Systems Biology of Chromosome Dynamics    Gene expression regulation is increasingly seen in the light of the 3D organisation of the entire genome[1]. A number of examples have shown that there indeed exists a deep functional relationship between gene expression and genome architecture, and a number of rare genetic diseases are caused by large scale mis-arrengement of the genome[2]. However, the physical mechanisms that shape the genome are still largely unknown.   

Chromosomes have a highly dynamic structure, which has been shown to change during changes in gene expression. Building on our experience with cellular architecture[3], we are now investigating the mechanisms of chromosome dynamics. We have identified several proteins that have the potential to actively influence the arrangements of chromosomes. The aim of this project is to determine to what extent structural changes preceed changes in gene expression.   

To this end, we are using quantitative fluorescent microscopy, microfluidics, bioinformatics, proteomics, chromatin conformation capture (Hi-C), gene expression analysis, and detailed computational modelling to investigate the interplay between structural proteins, genome architecture and gene regulation in the yeast S. cerevisiae. Several PhD projects are available, focusing either on experiments, computational analysis, or a combination of both. Please see and contact Karen Lipkow to discuss further details.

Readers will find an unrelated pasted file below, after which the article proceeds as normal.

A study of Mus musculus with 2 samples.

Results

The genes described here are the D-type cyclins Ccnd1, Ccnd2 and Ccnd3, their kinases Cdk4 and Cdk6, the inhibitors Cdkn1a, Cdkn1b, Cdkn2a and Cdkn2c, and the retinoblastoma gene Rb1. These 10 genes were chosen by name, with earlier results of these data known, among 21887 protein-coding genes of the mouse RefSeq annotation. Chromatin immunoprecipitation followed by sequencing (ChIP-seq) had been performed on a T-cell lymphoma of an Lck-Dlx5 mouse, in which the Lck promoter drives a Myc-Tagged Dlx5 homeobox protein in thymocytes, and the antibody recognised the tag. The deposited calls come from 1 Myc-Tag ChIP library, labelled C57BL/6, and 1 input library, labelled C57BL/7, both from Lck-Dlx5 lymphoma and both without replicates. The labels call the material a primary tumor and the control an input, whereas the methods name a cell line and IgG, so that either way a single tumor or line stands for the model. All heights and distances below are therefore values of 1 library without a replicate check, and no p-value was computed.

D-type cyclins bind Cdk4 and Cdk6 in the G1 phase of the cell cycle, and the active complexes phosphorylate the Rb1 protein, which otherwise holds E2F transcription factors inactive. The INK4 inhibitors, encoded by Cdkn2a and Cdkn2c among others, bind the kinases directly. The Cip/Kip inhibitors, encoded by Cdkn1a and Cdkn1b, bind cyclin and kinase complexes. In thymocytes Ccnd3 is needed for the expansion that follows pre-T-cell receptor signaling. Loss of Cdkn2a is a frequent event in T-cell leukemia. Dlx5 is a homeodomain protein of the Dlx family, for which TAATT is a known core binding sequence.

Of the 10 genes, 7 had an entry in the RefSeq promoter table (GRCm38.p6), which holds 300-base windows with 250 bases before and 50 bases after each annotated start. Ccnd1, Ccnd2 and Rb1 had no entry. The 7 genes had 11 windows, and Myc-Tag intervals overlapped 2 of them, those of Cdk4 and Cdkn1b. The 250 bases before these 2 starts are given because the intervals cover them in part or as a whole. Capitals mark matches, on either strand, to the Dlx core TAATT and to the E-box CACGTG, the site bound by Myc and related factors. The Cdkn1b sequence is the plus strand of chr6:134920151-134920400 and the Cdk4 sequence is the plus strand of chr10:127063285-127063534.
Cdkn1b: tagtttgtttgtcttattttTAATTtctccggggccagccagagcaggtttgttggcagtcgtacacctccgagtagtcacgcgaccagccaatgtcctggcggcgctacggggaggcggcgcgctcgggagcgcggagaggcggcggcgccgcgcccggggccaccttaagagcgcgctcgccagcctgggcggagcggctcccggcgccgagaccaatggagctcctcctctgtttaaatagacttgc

1. Cavalli G, Misteli T. Functional implications of genome topology. Nat Struct Mol Biol 2013. 
  2. McCord RP, Nazario-Toole A, Zhang H, Chines PS, Zhan Y, Erdos MR, et al. Correlated alterations in genome organization, histone methylation, and DNA-lamin A/C interactions in Hutchinson-Gilford progeria syndrome. Genome Res 2013. 
  3. Sewitz S, Lipkow K. Simulating bacterial chemotaxis at high spatio-temporal detail. Current Chemical Biology 2014 in press.